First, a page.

Choosing tools for effective virtualization
Shopping for Server Virtualization?
The big players in the server virtualization market each offer advantages, although a few of the tools are only for Windows.
Market leader VMware offers an excellent line of virtualation products. However, VMware's VirtualCenter management tool, which plays the role of managing the guests on the ESX and GSX servers, only runs on Windows at present – and it doesn't look like a Linux port will be on the roadmap any time in the near future.
If you prefer a Linux-only solution, you have to make do with the free VMware server. This entry-level solution still has much to offer. The biggest visual change compared with the previous 1.x version on VMware server is the new web interface, Virtual Infrastructure Web Access. (The former standalone server console is no longer usable.) This web interface requires a separate browser plugin (Figure 1).
Provisioning and deployment of VMs is supported by a large number of templates – for 17 Windows versions and 17 Linux distributions (including 64-bit variants) – as well as NetWare and Solaris 10. Although VMware Server does not let you migrate VMs between physical machines (in contrast to its big brother ESX Server), and definitely not at run time, at least virtual machines can reside in a shared memory area exported by NFS. Load balancing is also restricted to the commercial versions; however, the free version has excellent centralized server administration and monitoring.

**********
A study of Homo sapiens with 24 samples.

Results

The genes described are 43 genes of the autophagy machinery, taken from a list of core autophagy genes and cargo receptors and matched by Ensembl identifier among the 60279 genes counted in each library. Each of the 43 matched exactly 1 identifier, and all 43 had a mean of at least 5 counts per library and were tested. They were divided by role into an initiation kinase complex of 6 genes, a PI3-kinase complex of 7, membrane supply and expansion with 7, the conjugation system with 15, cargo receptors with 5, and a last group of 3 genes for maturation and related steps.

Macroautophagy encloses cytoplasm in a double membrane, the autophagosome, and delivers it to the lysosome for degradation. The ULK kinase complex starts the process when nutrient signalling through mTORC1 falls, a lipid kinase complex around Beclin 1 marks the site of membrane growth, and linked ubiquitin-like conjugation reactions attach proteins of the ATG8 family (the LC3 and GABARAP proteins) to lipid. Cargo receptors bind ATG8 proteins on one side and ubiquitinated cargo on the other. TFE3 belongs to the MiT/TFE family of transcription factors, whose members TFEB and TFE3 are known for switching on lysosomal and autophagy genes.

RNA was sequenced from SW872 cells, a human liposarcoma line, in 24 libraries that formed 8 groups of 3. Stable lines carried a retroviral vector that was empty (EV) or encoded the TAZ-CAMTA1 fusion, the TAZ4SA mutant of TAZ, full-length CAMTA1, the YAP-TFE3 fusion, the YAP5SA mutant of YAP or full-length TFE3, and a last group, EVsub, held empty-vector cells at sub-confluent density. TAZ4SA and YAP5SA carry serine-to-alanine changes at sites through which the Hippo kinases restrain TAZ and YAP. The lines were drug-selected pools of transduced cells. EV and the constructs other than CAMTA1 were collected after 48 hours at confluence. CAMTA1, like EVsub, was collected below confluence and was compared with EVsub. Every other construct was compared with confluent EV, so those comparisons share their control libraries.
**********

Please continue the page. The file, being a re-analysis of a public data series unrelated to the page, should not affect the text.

Virtual Iron is hot on the heels of VMware. Its Virtual Iron 4 product, or at least the most expensive Extended Enterprise Edition, not only supports cloning of virtual instances and live migration, but also dynamic capacity management of virtual machines at run time.
The Virtual Iron virtualization environment also includes high-availability features, such as failover for virtual machines on a reserve host (N+1 clusters). Virtual Iron comes with sophisticated monitoring and logging for virtual instances and policy-based capacity management, which gives administrators the ability to swap out virtual machines automatically if a host exceeds a specific load threshold.
On the storage side, Virtual Iron supports iSCSI, SAN (Fibre Channel), and NAS. VMware's lead on its competitors is no longer very substantial; however, the price differences are still significant. Virtual Iron starts at US$ 500 per socket, whereas the price for VMware's ESX Server starts at approximately three times that.